Tensions between the University of California System and state leaders escalated Tuesday, The Sacramento Bee reported. State officials have been pushing the university system to shift some admissions slots from out-of-state applicants to Californians. But in legislative testimony Tuesday, UC President Janet Napolitano said that the university could not increase in-state enrollment at current budget levels. “We will not be admitting students that we don’t know that we actually have funding for,” she said. Assembly Speaker Toni Atkins called Napolitano's statement "UC’s latest attempt to use students as bargaining chips.”
Wyoming Catholic College announced last week that it will not participate in federal student aid or loan programs. The college, founded in 2005, achieved candidate status for accreditation last year, making it eligible to apply to participate in federal student aid programs. But the college's board voted not to participate, citing concerns about federal regulations that are attached to student aid programs. While many private colleges complain about federal regulations, very few opt out of aid programs. The college said it would step up fund-raising efforts so that it could offer more assistance directly to students. A statement from President Kevin Roberts said: “By abstaining from federal funding programs, we will safeguard our mission from unwarranted federal involvement — an involvement increasingly at odds with our Catholic beliefs, the content of our curriculum, and our institutional practices.”
Western Nevada College announced Tuesday that it is eliminating its two intercollegiate teams, baseball and softball, The Record Courier reported. Officials said they could not justify the expense -- $400,000 a year for 50 students who played on the teams.
A small free-standing art college in Massachusetts, Montserrat College of Art, may merge into Salem State University, the two institutions announced Monday. The two institutions have been in private due diligence discussions and now plan to move to public discussions involving various campus constituencies. A statement from Stephen D. Immerman, the Montserrat president, said, "Montserrat offers a unique brand of arts education for a unique student population. However, as a small, private college with less than 400 students, it is challenging to provide the resources needed to maintain and grow the competitive advantages needed for working artists. By joining Salem State, we believe that we can ensure that the Montserrat name and the college's tradition of excellence and student-centered education will remain available for future generations of aspiring artists and designers."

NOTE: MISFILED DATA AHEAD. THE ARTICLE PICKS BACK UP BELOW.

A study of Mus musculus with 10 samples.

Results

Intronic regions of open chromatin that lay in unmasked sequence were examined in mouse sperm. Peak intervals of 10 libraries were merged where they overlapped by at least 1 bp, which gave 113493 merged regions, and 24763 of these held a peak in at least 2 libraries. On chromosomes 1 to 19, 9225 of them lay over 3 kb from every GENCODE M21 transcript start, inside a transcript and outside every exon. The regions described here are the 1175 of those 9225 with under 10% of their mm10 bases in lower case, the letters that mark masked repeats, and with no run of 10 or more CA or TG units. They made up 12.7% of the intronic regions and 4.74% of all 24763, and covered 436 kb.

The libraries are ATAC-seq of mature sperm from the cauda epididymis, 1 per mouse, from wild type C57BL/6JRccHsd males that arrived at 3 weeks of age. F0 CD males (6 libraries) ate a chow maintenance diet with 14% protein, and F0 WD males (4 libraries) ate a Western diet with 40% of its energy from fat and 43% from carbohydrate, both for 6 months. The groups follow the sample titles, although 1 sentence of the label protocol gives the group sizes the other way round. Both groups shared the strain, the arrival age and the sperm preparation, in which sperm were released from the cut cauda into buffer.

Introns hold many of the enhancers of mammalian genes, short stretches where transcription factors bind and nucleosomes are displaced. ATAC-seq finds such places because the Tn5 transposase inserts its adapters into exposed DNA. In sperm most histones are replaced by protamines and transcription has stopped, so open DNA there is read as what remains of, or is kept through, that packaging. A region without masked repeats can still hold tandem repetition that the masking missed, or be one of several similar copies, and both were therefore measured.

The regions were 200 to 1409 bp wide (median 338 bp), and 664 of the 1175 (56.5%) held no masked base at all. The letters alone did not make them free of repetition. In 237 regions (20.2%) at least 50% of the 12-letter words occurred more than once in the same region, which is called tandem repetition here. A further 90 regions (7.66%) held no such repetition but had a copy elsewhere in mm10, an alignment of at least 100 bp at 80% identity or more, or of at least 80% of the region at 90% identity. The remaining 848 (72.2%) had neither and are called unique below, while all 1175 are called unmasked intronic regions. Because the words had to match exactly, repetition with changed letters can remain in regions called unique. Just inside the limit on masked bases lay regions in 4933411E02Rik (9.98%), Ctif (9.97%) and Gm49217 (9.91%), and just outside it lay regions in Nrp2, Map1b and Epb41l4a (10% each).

A new university system focused on health care -- and financed in an unusual way -- was announced this morning, backed by the German publishing giant Bertelsmann. Arist Education System said it would create a system of graduate and professional health and human sciences institutions. The first institution to join the system is California's Alliant International University, which specializes in psychology, health sciences and law. Like the other institutions as part of Arist, Alliant -- which has been a private nonprofit university -- will become a public benefit corporation, a form of for-profit company that strives to pursue a social mission.
"A budget cut of that magnitude would substantially harm our students and the people of Illinois by most severely impacting the university’s core education and research missions," Robert Easter, the president of the three-campus system, said in a statement. He promised to vigorously lobby against the cuts. While the governor is a Republican, Democrats have the majority in both chambers of the Illinois General Assembly.
Illinois is one of the few states to see dramatic increases in higher ed spending in the last few years, but none of the money has gone into the classroom -- instead, the state has been ponying up hundreds of millions of dollars to fund a broken pension system.
Divest Harvard, a student group that wants Harvard University to sell off its investments in fossil fuel companies, started a sit-in Thursday outside the office of President Drew Faust. WBUR reported that Faust agreed to meet with the students if they would agree to leave the building -- and that they rejected the request. On social media Thursday night, the students reported that they were settling in for the night. In 2013, after reviewing the issue, Faust said that divestment was not "warranted or wise."
Florida Governor Rick Scott, a Republican, plans to propose that public universities be required to freeze tuition in graduate and professional programs at whatever levels exist on July 1, the Associated Press reported. The measure is of concern to many university leaders who say that increases for medical and law school can be handled by students who have lucrative job prospects ahead.